If you follow the crypto industry or the general trading sector, then you’re probably aware that bitcoin has been on a bull run since late 2020, reaching a new all-time price high of over $60,000. This massive price increase has seen many new entrants into the crypto markets, both institutional and individual. Platforms have even seen token shortages due to the increased demand for cryptocurrencies like Bitcoin.
Now, it seems that even the South Korean government is getting in on the action as it was reported that bitcoin from 2017 was recently sold by the South Korean government for a hefty profit.
Old Tokens, New Profits
The Bitcoin in question was seized in 2017 from a criminal and it is not unusual for governments to sell off confiscated assets. These tokens were recently sold and the profit came to about $10.8 million.
A report was published by the Suwon District Prosecutors Office which states that the profits realized from the sale of the token have been deposited at the National treasury of South Korea. The previous holder of the tokens was a criminal who ran a pornographic website and has been in prison for the last 4 years while his ill-gotten gains have appreciated in value.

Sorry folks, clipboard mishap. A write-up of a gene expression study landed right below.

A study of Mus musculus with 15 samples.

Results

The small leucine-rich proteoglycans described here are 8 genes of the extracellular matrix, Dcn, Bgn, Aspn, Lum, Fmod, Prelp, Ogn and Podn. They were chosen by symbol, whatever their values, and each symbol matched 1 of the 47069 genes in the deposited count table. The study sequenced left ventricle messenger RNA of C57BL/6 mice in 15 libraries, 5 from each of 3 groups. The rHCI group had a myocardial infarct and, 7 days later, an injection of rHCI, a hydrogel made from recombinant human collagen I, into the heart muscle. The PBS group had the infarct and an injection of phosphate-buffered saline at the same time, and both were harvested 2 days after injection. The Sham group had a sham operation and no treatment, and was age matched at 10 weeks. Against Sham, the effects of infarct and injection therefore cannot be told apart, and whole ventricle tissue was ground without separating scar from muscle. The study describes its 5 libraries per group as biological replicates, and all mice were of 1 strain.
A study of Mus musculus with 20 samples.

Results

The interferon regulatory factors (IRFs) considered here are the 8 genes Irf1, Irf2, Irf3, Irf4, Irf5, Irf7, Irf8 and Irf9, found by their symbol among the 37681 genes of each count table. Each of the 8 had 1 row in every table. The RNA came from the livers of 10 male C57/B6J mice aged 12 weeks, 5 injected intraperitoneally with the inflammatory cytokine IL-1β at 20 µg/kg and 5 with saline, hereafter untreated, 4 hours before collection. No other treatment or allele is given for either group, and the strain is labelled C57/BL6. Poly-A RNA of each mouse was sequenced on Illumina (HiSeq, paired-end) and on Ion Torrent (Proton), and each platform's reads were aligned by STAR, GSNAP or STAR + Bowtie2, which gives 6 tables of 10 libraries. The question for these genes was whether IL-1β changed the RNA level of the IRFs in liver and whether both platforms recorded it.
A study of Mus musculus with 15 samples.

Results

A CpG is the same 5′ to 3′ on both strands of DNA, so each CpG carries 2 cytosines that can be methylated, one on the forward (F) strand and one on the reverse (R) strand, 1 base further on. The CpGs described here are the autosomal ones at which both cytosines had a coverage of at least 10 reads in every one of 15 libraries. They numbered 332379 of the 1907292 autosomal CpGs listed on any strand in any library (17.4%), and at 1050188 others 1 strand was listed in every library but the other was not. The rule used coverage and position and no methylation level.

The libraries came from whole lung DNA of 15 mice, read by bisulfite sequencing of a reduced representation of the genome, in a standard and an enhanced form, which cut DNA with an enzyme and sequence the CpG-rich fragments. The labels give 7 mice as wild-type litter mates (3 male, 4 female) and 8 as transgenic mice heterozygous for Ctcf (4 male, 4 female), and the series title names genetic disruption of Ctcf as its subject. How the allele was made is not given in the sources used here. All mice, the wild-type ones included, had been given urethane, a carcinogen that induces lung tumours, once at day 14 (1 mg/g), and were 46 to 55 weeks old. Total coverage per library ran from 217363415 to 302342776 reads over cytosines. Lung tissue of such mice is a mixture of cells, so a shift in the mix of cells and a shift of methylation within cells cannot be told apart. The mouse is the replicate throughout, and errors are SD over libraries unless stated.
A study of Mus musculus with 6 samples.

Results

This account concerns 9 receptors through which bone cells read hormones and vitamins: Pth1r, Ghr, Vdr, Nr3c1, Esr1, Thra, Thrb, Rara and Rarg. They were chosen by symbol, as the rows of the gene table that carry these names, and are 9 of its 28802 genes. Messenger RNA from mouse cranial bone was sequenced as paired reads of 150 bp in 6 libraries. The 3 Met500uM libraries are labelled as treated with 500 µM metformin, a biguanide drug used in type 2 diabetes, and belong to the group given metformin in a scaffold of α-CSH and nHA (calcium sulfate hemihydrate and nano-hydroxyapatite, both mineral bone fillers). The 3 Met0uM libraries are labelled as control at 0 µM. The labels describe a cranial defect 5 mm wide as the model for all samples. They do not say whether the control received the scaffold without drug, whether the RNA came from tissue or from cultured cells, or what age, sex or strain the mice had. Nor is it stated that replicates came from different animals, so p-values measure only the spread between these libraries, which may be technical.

The decision to sell off these tokens is part of new regulation that took effect on March 25, 2021. According to the new regulation, crypto exchanges and service providers in Korea need to report the activities to the Financial Intelligence Unit. One of the reasons for this harsh crackdown on crypto activity is that the tax authority of South Korea found out recently that over 2,400 tax evaders were using bitcoins to hide their assets totaling roughly $32 million from the government.
Because cryptocurrency-related regulation is still in development around the world, there was no official protocol on how to handle crypto assets that were confiscated from criminals. Now, it is clear that such assets will be sold off and the funds remitted to the government.
In the past, they will have been concerns about the potential use of cryptocurrency for criminal purposes such as terrorism and tax evasion. This led to some lawmakers’ reluctance to fully accept cryptocurrency use and the wider crypto industry. However, this new development shows that regulatory bodies can adapt to the changing crypto landscape and create laws to accommodate it.